Diplomats and Guns

Chinatown mystery: Why did officials from the bloodiest country on earth stock up at a local gun shop?

The black Lincoln Town Car's tinted windows obscured the passengers as it left Chinatown one afternoon late in September. Inside were three diplomats from the Democratic Republic of the Congo and their newly purchased cache of more than 30 military-style handguns.

What better Gotham souvenir to bring home to the kids than a cocked and locked Colt .45?

More likely, the men needed the weapons either to combat or to aid an alphabet soup of rival militias like the ADF, FLC, and RCD back home. More people have died in the past nine years of bloody conflict in the Democratic Republic of Congo (formerly known as Zaire) than in any other war since World War II— including Vietnam.

When the United Nations convenes its General Assembly each fall, thousands of foreign nationals with diplomatic credentials descend upon New York. Some spend their free time dining in Tribeca, shopping on Fifth Avenue, or attending a Broadway show.

But on September 25, while the media were traveling over to the U.N. to cover that evening's speech by Iranian president Mahmoud Ahmadinejad, three officials from the DRC's permanent mission to the U.N. hopped into their Town Car and were driven to the John Jovino Gun Shop at 183 Grand Street.

They had picked the right place: Formerly a one-stop shopping spot for the NYPD, the John Jovino Gun Shop has been a fixture of the Grand Street block that connects Chinatown and Little Italy since it opened in 1911. It claims to be the oldest gun shop still in operation in the United States, though few people outside the law-enforcement community know about it—except perhaps for those who have helped it earn its reputation as one of the biggest suppliers of guns to New York's criminal class, according to one study.

Once at the gun shop, the DRC crew presented their credentials to manager Charlie Hu and waited for him to fill their purchase order. A reporter happened to be there to witness the transaction. The list included 26 semiautomatic Glock 19 pistols, several Smith & Wessons, a Colt .45, and a Beretta 9-millimeter, plus ammunition for the guns and a number of accessories like holsters.

"This letter is to certify that for officials [sic] purposes, we request to purchase the following military equipment," began the letter that the DRC officials laid atop the gun shop's counter. It was addressed to "Mr. John Jovino," even though Jovino sold the shop in the late 1920s to the Brooklyn family of Anthony Imperato, its current owner.

Buying even one handgun legally in New York is extremely difficult; whether the diplomats went through the regular procedures is unknown. Asked about getting a pistol license, gun-shop manager Hu replied, "Very hard. You don't want to. Very hard." A spokesperson at the NYPD's licensing division said that a basic license to buy a pistol and keep it at home usually takes from four to six months and requires an extensive background check and usually a personal interview. After the purchase, the owner has to bring the weapon to the NYPD within 72 hours for registration.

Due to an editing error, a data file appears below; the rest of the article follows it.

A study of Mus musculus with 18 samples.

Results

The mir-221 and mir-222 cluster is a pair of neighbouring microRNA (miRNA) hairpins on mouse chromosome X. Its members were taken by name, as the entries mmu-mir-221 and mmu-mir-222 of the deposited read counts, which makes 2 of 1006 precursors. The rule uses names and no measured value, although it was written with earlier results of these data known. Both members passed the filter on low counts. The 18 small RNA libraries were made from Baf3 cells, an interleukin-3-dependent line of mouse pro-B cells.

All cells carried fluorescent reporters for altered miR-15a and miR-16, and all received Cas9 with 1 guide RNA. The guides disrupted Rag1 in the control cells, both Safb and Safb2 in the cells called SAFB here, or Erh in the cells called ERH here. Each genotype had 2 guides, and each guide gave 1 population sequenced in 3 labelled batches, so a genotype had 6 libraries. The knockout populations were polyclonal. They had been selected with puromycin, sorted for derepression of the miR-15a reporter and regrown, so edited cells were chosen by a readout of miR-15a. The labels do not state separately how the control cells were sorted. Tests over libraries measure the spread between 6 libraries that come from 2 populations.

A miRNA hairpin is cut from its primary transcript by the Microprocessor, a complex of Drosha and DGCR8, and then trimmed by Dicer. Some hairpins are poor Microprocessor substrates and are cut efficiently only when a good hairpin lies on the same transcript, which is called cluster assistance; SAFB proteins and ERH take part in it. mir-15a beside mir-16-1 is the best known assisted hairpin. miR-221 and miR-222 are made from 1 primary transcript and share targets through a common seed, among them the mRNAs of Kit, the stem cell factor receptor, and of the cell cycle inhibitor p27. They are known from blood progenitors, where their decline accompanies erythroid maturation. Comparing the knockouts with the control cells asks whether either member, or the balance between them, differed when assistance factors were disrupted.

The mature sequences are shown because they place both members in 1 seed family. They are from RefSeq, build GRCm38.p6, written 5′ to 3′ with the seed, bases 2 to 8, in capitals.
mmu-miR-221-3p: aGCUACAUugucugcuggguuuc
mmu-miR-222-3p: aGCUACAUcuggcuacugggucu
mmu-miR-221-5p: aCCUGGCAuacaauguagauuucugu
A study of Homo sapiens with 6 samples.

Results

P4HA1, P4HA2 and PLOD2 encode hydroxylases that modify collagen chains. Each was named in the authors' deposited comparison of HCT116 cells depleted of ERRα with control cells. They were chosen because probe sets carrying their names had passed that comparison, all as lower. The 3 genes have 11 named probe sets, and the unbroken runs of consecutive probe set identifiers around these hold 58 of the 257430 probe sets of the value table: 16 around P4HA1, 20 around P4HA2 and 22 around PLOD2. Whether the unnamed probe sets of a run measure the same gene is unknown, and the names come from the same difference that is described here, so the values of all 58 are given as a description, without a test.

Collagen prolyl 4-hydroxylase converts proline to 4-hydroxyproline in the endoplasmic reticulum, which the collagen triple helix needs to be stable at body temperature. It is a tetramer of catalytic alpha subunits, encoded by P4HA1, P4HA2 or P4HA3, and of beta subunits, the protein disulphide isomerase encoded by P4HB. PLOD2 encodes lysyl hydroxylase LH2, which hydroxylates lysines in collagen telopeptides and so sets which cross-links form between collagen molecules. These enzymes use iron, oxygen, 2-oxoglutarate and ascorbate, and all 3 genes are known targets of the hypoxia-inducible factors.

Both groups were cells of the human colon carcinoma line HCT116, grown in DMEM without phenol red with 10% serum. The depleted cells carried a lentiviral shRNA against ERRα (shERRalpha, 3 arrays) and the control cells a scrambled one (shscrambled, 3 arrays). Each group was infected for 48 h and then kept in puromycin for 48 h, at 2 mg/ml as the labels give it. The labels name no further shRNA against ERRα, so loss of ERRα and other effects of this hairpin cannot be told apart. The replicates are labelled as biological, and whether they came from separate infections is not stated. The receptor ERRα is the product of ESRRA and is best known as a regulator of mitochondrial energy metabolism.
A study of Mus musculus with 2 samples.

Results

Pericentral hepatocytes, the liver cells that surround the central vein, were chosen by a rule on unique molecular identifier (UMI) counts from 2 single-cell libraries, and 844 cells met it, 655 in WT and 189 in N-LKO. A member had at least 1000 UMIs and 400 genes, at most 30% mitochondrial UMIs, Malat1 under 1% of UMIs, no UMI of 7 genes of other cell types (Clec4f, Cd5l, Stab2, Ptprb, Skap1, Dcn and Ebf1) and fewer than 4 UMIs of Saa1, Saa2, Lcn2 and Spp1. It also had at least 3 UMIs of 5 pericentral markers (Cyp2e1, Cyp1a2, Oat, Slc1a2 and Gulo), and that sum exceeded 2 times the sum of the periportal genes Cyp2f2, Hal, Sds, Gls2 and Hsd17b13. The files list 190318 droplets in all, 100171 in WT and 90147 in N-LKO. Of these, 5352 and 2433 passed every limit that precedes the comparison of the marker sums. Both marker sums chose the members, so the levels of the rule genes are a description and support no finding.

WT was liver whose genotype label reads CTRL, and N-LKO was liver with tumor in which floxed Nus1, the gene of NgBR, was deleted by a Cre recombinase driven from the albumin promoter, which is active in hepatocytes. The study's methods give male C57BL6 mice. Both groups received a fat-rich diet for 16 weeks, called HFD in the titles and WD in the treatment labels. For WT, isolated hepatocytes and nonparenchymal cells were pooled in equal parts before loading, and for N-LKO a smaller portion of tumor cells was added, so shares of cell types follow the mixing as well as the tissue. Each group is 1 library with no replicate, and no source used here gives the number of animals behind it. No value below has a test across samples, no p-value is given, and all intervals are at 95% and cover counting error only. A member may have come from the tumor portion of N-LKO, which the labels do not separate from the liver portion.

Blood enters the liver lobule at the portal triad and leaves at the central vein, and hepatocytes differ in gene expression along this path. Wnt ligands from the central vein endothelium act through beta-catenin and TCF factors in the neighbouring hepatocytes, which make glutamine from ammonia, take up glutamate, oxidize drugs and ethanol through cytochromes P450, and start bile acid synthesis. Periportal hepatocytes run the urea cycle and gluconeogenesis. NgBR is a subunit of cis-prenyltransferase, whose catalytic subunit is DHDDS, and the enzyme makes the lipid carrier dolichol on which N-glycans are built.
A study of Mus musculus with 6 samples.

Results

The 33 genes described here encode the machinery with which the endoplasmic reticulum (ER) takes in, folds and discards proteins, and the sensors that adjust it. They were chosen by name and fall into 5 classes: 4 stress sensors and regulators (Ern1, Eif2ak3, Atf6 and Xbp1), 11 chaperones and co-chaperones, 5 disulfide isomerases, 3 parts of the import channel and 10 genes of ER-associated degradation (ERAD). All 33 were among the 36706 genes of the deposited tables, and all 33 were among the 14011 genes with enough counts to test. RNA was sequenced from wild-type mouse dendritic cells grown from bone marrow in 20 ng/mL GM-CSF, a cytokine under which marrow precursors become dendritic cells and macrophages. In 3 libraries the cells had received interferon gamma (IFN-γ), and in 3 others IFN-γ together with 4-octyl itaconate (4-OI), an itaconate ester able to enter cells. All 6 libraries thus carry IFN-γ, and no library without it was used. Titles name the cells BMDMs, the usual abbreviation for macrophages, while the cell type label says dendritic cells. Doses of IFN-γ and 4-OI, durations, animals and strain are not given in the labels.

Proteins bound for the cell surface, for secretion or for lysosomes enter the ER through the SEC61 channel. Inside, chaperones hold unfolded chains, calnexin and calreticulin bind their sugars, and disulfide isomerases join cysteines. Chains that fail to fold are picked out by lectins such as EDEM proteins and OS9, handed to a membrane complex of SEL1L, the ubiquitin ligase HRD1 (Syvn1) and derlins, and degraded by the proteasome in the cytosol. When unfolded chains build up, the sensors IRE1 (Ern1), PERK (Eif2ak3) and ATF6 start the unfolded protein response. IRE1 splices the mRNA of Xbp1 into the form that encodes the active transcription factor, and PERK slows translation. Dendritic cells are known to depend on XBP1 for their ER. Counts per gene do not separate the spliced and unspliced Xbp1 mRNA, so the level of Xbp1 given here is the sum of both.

DRC mission officials refused to comment about any procedures they might (or might not) have followed. Imperato, responding to questions via e-mail from his office in Brooklyn, said that Hu, the manager, is largely in charge of the shop's operations now. "I do not keep tabs on the day-to-day stuff that goes on at Jovino," Imperato said. "I believe that it's the same as it always was. We sell police equipment, handguns, some long guns, accessories, and gift items like caps and T-shirts."

The diplomats, who wore pinstripe suits, wingtips, and perfectly dimpled ties, showed interest in some of those gift items as they sifted through a selection of military camouflage utility pants and NYPD raincoats. All the while, Hu scurried through the store to assemble their order.

"I'm very busy with diplomats right now," he told a flow of tourists and curious streetwalkers as they trickled through the shop in twos and threes, most hauling backpacks and cameras. "I'm very sorry." As the officials waited, their vehicle idled on Grand Street beneath the store's hanging sign—a four-foot-long replica of a revolver.

Jose Alvarez, a professor of international law at Columbia University, said that foreign representatives get no special treatment when it comes to buying firearms: They still have to satisfy New York City's licensing requirements, which means that every gun must be registered, and the purchase can't include fully automatic or assault-style weapons. "I don't know of any special laws that permit them to have what ordinary citizens can't have in terms of guns," said Alvarez. On the other hand, if a diplomat is caught with an illegal weapon, he (or she) does have immunity from U.S. law: "He cannot be detained, he cannot be prosecuted, he cannot be searched," Alvarez noted.

A State Department official, speaking on condition of anonymity, said that the U.S. government is responsible for the safety of foreign diplomats on American soil—but that usually means offering local police assistance, not weapons. The official added that some diplomatic missions do occasionally take security into their own hands, like the Israeli embassy, which maintains its own armed force.